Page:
How To Find an Ergonomically Correct Monitor Keyboard and Mouse

One of the biggest problems that people in an office environment complain about include eyesight and posture problems. There are cases where the muscle tissue in the wrists, arms and back might be strained due to repetitive motion or staying in one position for too long. Bright lights from a computer monitor can also cause trouble for the viewer’s eyes.

In this case, buying ergonomically correct equipment, like monitors, keyboards and mice, is important in maintaining a good posture and comfortable working environment.
Monitor. Old-school CRT monitors should be fitted with UV filters, to prevent too much radiation from reaching the eyes. As the price of LCD monitors has drastically dropped, these are usually recommended when buying new computers. A flat screen reduces strain and also gives better image reproduction, especially when working on pictures and graphics.
When working on a computer, the monitor should be at a distance of 18 to 24 inches from your eyes. The monitor should also be at eye level, so you don’t strain yourself looking up or down. In the case of laptop computers, the monitor should be angled upward, so that you are directly looking onto it. However, this position usually results in strain on the shoulders and neck.

Keyboard. As far as the keyboard is considered, there are differing opinions on the positioning of the keyboard. Most are inclined, which allow for better visual access. However, touch typists prefer keyboards that are flatter, because these don’t require the typist to flex the wrist upward too much. A flat keyboard reduces strain on the wrist. However, if you are on the keyboard for extended periods of time, make sure your computer has a comfortable wrist-rest. Some keyboards come with wrist-rests as attachments.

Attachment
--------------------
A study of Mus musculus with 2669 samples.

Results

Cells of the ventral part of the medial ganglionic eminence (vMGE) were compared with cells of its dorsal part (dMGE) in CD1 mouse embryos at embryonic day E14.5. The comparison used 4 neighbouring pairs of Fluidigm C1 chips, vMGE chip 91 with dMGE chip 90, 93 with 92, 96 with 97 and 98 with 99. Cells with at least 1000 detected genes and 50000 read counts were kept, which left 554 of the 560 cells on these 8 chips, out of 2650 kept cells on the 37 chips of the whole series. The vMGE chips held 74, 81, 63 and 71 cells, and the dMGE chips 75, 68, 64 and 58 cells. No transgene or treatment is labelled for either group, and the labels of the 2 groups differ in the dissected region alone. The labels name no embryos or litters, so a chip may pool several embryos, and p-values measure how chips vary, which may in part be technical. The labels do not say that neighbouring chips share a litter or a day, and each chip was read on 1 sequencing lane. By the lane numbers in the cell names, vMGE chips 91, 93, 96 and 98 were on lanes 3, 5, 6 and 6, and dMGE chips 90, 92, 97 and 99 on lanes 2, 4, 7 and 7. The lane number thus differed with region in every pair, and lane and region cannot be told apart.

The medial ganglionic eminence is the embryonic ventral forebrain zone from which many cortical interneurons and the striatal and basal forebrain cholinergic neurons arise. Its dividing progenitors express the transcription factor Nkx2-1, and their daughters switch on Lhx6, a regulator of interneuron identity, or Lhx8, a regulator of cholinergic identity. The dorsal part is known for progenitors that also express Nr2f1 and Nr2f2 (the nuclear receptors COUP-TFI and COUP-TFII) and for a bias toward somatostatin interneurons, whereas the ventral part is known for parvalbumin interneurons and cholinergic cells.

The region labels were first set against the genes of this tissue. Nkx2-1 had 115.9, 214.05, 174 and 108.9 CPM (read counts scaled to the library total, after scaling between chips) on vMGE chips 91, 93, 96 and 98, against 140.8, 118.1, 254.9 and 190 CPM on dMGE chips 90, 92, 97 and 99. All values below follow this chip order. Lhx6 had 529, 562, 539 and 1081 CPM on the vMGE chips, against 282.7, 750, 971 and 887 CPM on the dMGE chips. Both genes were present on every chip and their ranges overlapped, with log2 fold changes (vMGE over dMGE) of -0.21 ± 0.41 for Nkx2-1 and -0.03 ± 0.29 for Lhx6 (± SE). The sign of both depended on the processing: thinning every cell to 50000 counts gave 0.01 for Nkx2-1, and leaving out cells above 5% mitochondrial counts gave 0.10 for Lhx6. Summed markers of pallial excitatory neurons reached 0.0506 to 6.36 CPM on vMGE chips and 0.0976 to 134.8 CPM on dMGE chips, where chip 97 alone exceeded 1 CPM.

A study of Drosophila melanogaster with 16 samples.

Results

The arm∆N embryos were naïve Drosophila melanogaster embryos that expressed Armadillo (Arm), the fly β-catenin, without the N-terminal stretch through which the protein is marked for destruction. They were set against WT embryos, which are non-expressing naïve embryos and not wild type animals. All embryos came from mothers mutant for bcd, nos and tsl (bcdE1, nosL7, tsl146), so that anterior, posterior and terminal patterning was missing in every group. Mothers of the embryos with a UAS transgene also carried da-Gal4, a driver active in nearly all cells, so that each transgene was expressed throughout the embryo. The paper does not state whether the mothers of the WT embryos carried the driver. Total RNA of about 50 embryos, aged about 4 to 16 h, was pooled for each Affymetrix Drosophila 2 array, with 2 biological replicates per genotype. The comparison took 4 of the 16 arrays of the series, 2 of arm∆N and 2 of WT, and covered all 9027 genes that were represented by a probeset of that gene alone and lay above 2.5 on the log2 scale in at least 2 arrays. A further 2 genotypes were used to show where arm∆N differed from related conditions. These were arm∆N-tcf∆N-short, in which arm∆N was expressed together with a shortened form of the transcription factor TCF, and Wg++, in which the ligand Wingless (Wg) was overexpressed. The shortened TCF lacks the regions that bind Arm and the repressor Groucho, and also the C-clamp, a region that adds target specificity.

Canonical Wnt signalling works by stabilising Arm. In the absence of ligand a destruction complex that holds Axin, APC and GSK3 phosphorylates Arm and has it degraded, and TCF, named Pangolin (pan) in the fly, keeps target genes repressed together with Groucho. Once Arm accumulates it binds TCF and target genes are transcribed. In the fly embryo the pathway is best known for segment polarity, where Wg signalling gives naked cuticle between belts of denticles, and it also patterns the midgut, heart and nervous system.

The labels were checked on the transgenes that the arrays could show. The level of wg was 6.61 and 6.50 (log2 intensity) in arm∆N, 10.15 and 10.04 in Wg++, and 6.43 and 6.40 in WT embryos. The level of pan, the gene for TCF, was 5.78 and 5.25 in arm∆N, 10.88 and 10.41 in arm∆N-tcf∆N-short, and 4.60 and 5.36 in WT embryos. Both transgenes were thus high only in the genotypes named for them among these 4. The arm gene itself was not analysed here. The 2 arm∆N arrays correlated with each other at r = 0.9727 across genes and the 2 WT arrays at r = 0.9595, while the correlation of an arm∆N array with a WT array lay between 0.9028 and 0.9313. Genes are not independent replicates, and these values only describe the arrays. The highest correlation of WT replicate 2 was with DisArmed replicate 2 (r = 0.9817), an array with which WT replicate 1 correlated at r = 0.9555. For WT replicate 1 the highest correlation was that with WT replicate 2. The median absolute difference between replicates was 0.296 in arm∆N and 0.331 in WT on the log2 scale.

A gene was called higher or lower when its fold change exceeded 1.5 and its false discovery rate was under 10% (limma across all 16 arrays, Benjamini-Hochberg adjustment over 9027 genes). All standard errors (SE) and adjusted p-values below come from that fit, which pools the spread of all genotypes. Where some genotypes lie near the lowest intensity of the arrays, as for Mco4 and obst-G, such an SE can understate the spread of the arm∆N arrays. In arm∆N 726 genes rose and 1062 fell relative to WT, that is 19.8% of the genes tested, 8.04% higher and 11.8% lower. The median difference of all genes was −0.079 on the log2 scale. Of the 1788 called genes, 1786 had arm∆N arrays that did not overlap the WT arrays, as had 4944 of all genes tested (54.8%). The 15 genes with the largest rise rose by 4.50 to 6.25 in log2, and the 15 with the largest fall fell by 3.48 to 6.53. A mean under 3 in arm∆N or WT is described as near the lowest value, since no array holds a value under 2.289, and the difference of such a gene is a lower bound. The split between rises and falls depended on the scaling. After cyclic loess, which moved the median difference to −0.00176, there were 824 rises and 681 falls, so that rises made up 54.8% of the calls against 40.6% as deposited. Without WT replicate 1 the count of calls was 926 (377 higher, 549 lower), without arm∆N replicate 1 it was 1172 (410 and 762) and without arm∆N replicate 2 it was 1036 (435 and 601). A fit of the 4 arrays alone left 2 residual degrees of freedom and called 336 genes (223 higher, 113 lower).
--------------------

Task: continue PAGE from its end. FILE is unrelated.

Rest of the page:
Most laptop computers also situate the keyboard toward the rear of the computer, near the screen, so as to provide a comfortable resting area for the wrist. Some third-party manufacturers also sell soft wrist-rests for desktop computers. A wireless keyboard can also provide better comfort if you can situate it on your lap, which provides for a more natural typing position.

Mouse. The choice of what kind of mouse to use is often a subjective matter. Choose a mouse that is sized just right. An adult might prefer a regular-sized mouse, while a child would be most comfortable with a miniature mouse. Choose a mouse that fits the curvature of your hand comfortably. When using a mouse, move your entire arm, and not just your wrists, which helps prevent repetitive stress injuries.

Most laptop computers come with built in touchpads. As with typing on a keyboard, it’s a good idea to use a wrist rest when using the touchpad. These are not meant for extended use, though, and if you are on your desk at the office or home, ergonomics experts usually suggest plugging in an external mouse, which can help reduce strain.

Some companies like Logitech, Genius and even Microsoft sell ergonomic keyboards and mice as a package. These are meant to replace the stock keyboard and mouse often sold with desktop computer packages.

Whether you work at the office, or you’re a student who likes chatting with classmates and friends, using an ergonomic keyboard, mouse and monitor helps reduce strain and stress caused by repetitive movements and sitting down in front of a monitor for hours. These are a good investment, since they prevent health problems that might be costly and painful.